Last week was a big one for The Cure. First, they announced they would release another album, another live DVD, and headline another tour. It was also the 34th anniversary of the original release of Boys Don’t Cry, the album that introduced a lot of people (myself included) to the band. The Cure is a very important band to me and alternative as a whole, so I thought I’d take a look back at what they’ve meant from Boys Don’t Cry to the recently teased 4:14 Scream.
Before we get started on the news, I’d like to talk about Boys Don’t Cry for a minute or two. While it wasn’t their debut album, it was the album that introduced a lot of people (myself included) to the band. “Boys Don’t Cry” is arguably the band’s signature song and it makes its first appearance on this compilation. And there are some that would argue that the new arrangement of the tracks on Boys Don’t Cry makes it more of a standout than their full studio debut Three Imaginary Boys. This blog takes even takes its title from a Cure lyric off of Boys Don’t Cry, “Killing an Arab”: “Standing on the beach with a gun in my hand/ Staring at the sea, staring at the sand”. That line was meant to evoke only the climax of Albert Camus’s short novel The Stranger, of which the song is meant to be a musing on. The audible “Oh Meursalt”, the name of The Stranger‘s protagonist, at the end of the song all but confirms this to be the case. But now one couldn’t help but conjure up images in their head of the war we’ve found ourselves in over the past 20 years, specifically the Gulf War and the presently innumerable conflicts arising from the September 11th attacks. Robert Smith, primary songwriter and lead singer for the band had this to say regarding the exclusion of “Killing an Arab” from The Cure’s Greatest Hits compilation in 2001:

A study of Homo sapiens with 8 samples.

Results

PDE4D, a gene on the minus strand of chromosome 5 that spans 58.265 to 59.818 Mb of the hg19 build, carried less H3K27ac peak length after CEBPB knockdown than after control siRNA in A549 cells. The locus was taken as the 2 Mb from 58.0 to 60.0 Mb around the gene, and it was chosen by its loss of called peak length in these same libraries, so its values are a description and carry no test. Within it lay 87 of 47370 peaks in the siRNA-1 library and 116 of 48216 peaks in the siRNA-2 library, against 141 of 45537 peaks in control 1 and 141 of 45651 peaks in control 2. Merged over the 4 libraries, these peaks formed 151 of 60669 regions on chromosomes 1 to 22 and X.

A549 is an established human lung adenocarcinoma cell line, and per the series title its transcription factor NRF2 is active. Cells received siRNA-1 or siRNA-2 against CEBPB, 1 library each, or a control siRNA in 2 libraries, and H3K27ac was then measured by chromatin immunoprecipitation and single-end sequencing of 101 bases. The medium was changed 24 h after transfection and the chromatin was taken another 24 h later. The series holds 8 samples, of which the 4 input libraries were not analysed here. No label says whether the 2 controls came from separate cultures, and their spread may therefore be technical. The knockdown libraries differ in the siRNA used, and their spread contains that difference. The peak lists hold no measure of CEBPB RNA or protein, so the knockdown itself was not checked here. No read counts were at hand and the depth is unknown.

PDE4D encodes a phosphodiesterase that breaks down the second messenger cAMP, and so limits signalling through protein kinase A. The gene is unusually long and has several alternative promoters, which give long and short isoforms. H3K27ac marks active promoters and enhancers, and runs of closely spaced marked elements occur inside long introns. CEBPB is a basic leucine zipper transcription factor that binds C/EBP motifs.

“If there’s one thing I would change, it’s the title. I wrote it when I was still in school and I had no idea that anyone would ever listen to it other than my immediate school friends. One of the themes of the song is that everyone’s existence is pretty much the same. Everyone lives, everyone dies, our existences are the same. It’s as far from a racist song as you can write. It seems though that no one can get past the title and that’s incredibly frustrating.”
While it remains a fan favorite, I can understand why the controversy would be enough to keep “Killing an Arab” off such a high publicity release like Greatest Hits. Boys Don’t Cry remains affordable and still in print. The song can still be heard by those seeking it out. The fact also remains that the song was written at a time when Smith wasn’t famous and when there weren’t large scale global conflicts in the Middle East, so I believe the blame for the controversy lies squarely with those who misinterpret the song as giving the okay to anonymous violence against Arabs.
Now, back to the news of the week. The Cure has not struggled to remain relevant. 2013 saw them run what I believe was a primer tour for the next set of “Trilogy” shows. Every once in a while, since 2001, The Cure has picked three of their albums and played them back to back in their entirety. In 2002, the original set of Trilogy shows consisted of 1982’s Pornography, 1989’s Disintegration, and 2001’s Bloodflowers. 2011 saw a tour that consisted of their first three albums, Three Imaginary Boys, Seventeen Seconds, and Faith and a reunion of sorts with original drummer Lol Tolhurst. The sets they played headlining at various U.S. festivals, including Lollapalooza, Voodoo Fest and two weekends of the Austin City Limits Music Festival leaned very heavily on the material they plan on playing in full in 2014: 1984’s The Top, 1985’s The Head on The Door, and 1986’s Kiss Me, Kiss Me, Kiss Me. The set I saw during ACL weekend two included a number of the band’s greatest hits, but contained a greater than usual number of songs from both The Top and The Head on The Door, including a rare performance of The Head on The Door-era B-Side “Stop Dead”.
The end of 2013 also saw The Cure up for inclusion in the Rock and Roll Hall of Fame, but ultimately they didn’t make the final ballot. But after what they have in store for 2014, I think that this could be their year. That or the obvious, out-of-touch bloat of the Hall of Fame will become apparent with the inclusion of acts like Madonna, Hall & Oates, and Donna Summer and the exclusion of acts The Replacements and The Cure. Either way.